Tuesday, September 22, 2009

Graphically Speaking: Simon and Kirby's Sandman Hardcover

Words: Christopher Irving

The usual anatomy of a nice grade reprint book is a hardcover spine with glossy paper skin and slick computer-colored pigment.

The Sandman by Joe Simon and Jack Kirby reprint volume flies in the face of the standard Archive format, transcending the standard over-produced reprint volume to the realm of a fun reading experience, but in a quick and dirty way.

Sure, I’m breaching the hyperbolic stratosphere by already singing the praises of the DC volume, but it’s all deserved. The paper stock on The Sandman feels like old-school newsprint, while the four-color coloring from the original comics is intact, with the stories most likely scanned from editions of the original comics themselves, complete with printing flaws.

But, best of all, it smells like a book should.

In the downside department, the art direction for the cover and endnote pages follows the Chip Kidd school of thought where panel details are blown way the hell up. It’s a device that’s become so overused in Hip Comic Book Design 101 that it just feels tired. A more proper cover with a Sandman logo, as opposed to a blow-up of a Simon and Kirby-drawn Sandman face would be a proper nod to the classiness of the interiors.

Another quibble is with the size of the book: Golden Age comic books were printed in a larger size and wider dimension than contemporary comics. This hardcover is the size of a modern comic book hardcover, reproducing the pages a smidge smaller than original publication, sometimes jumbling the detailed artwork together.

As for the content, Sandman was a second-tier character that legendary comics team Joe Simon and Jack Kirby tackled when they came to DC Comics in 1941, fresh off of producing Captain America for Timely Comics. When Sandman first appeared in 1939, it was as a trench-coated and gas-masked Green Hornet knock-off drawn by both Bert Christman and then the excellent Creig Flessel. Artist Paul Norris, creator of Aquaman, had just given Sandman a Robin-like kid sidekick named Sandy, and put the hero in form-fitting superhero togs and cape by the time Simon and Kirby came on. The duo took him from a sudden Batman knock-off, and made him more like an urban Captain America.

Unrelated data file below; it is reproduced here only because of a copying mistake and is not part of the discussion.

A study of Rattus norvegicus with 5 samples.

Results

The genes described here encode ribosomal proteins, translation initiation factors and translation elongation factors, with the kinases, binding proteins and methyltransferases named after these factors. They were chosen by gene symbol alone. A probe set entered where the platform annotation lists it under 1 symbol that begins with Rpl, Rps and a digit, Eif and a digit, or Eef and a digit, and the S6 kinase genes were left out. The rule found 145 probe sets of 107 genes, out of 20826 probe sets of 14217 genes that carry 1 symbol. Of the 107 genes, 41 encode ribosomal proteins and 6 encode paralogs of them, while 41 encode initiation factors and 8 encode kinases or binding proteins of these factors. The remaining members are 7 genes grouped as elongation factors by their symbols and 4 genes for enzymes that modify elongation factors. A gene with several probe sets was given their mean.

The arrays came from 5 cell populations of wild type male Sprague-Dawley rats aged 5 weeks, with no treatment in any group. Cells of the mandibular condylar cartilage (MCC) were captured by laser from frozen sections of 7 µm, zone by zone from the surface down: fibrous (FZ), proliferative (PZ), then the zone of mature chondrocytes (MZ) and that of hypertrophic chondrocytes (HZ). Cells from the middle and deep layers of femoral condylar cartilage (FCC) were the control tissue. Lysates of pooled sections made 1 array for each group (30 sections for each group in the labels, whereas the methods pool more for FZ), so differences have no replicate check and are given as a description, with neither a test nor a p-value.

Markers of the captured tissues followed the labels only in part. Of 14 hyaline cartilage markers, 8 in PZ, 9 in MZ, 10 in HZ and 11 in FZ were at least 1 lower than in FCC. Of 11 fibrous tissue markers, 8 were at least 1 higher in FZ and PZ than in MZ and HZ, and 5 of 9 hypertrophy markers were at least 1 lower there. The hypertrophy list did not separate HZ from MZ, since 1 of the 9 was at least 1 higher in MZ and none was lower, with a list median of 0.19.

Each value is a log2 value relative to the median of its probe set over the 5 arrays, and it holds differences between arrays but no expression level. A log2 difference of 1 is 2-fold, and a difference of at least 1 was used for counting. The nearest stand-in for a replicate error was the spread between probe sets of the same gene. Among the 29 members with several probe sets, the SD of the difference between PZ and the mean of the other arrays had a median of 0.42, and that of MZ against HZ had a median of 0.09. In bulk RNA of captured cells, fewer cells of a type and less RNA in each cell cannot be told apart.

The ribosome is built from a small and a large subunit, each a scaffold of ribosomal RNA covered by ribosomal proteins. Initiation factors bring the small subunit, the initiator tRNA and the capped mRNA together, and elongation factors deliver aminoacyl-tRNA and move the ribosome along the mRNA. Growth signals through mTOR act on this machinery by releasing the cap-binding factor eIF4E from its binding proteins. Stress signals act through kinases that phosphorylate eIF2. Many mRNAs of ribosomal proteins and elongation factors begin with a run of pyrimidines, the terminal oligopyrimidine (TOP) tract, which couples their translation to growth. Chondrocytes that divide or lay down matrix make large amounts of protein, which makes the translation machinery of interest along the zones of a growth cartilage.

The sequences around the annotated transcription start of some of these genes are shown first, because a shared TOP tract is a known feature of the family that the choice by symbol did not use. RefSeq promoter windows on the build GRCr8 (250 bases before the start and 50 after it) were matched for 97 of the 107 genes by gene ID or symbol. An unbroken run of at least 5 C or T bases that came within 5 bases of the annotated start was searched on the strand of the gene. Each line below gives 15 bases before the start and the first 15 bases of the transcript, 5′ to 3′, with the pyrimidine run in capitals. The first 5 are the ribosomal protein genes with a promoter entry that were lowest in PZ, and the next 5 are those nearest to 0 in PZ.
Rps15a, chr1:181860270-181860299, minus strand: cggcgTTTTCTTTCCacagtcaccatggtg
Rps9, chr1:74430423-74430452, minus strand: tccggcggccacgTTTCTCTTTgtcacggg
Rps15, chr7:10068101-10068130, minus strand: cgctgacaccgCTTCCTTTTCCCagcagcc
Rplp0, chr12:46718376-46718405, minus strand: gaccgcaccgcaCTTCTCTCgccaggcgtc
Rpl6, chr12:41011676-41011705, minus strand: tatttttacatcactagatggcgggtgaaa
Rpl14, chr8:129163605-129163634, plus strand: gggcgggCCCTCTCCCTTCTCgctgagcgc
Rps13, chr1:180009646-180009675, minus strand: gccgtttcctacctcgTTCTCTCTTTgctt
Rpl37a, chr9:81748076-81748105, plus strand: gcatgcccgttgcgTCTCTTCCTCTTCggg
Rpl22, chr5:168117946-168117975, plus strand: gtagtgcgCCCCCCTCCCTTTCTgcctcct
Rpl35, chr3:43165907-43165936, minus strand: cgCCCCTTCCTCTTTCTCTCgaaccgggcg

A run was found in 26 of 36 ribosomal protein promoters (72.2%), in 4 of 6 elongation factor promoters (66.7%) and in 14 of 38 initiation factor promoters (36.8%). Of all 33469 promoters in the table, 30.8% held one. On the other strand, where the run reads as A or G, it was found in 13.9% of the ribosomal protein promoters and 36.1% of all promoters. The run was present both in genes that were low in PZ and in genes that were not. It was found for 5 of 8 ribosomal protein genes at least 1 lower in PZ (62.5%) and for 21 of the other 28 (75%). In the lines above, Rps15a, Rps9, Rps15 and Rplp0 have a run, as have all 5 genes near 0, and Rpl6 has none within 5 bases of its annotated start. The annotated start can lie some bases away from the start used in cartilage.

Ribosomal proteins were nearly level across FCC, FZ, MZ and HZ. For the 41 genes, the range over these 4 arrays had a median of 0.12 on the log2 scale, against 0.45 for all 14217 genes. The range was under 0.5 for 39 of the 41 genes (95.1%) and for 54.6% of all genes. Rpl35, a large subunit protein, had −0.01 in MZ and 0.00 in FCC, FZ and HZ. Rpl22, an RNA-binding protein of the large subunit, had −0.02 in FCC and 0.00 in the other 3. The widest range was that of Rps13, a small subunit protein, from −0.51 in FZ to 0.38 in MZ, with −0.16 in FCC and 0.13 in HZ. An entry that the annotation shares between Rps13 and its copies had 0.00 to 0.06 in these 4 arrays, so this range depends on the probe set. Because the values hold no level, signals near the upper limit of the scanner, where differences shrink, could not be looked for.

Sandman lives in Gotham City in one of the earlier stories, then York City (a fictional city which, interestingly enough, the Blue Beetle [also briefly touched on by S & K] once laid claim to), and finally settles on New York. Simon and Kirby’s New York fused the atmosphere of a Warner Brothers movie set with the grime of the real deal.

The most impressionable facets of the pre-War Sandman presented here are in the pulp ‘realism’, with the hero’s wirepoon gun heavily detailed: a gun with a wire and a bullet-like point, whenever Sandman and Sandy use theirs, the mechanics are described within the captions. The characters that the duo face up against are straight out of the short stories of Damon Runyon, all talking in his trademark gangster dialect; it’s not surprising, as Joe Simon counts Runyon as one of his influences.

Simon and Kirby’s trademark action, exploding on the pages with violent and frenetic energy, is in full force in Sandman. Reading the strip lets us reap the benefits of their prior year honing their craft on Captain America. Whether Sandman and Sandy are fighting the crazy plantman The Nightshade, a midget gangster, or hoods dressed like zoo animals, S & K’s blend of humanity, humor, and atmosphere permeate every page.

The punctuation at the end comes in the form of 1974’s Sandman #1, a reimagining by the team – and the last project they ever worked on together. It’s interesting seeing Kirby’s surreal later style back-to-back with his earlier, more classic look. The leap in tone is enormous, as we go from the urban crimefighter to an otherworldly superhero who saves people from their worst nightmares. Complete with a villain with a clockwork brain (General Electric, a kamikaze pilot who mostly made it out alive), two living nightmare creatures, and—get this—Nazi henchmen, this short-lived Sandman is a bizarre and exciting end to the joint career of this legendary team.

Sandman is book ended by an introduction from publisher John Morrow, and an afterword by historian Mark Evanier. Both men are experts in Jack Kirby: Morrow is publisher of the fan magazine The Jack Kirby Collector, while Evanier was Kirby’s assistant and friend. However, Morrow’s informative introduction suffers from being too fannish and lacking a distinctive voice (C'mon, do we really need to know what Morrow's favorite Sandman cover is?), while Evanier’s afterword offers his usual clever insight to the working of Simon and Kirby, cleverly closing with an anecdote involving the preceding Sandman artist, Paul Norris.

Overall, The Sandman by Joe Simon and Jack Kirby is an enormous improvement over the old computer-recolored Archive standard, and represents the Golden Age material in a manner that smacks of reading an actual old comic. While it lacks the clarity in line of the Best of Simon and Kirby by Titan Books, its strength lies in the fun factor of feeling the paper rub between your thumb and forefinger and witnessing the imperfect printing of the 1940s.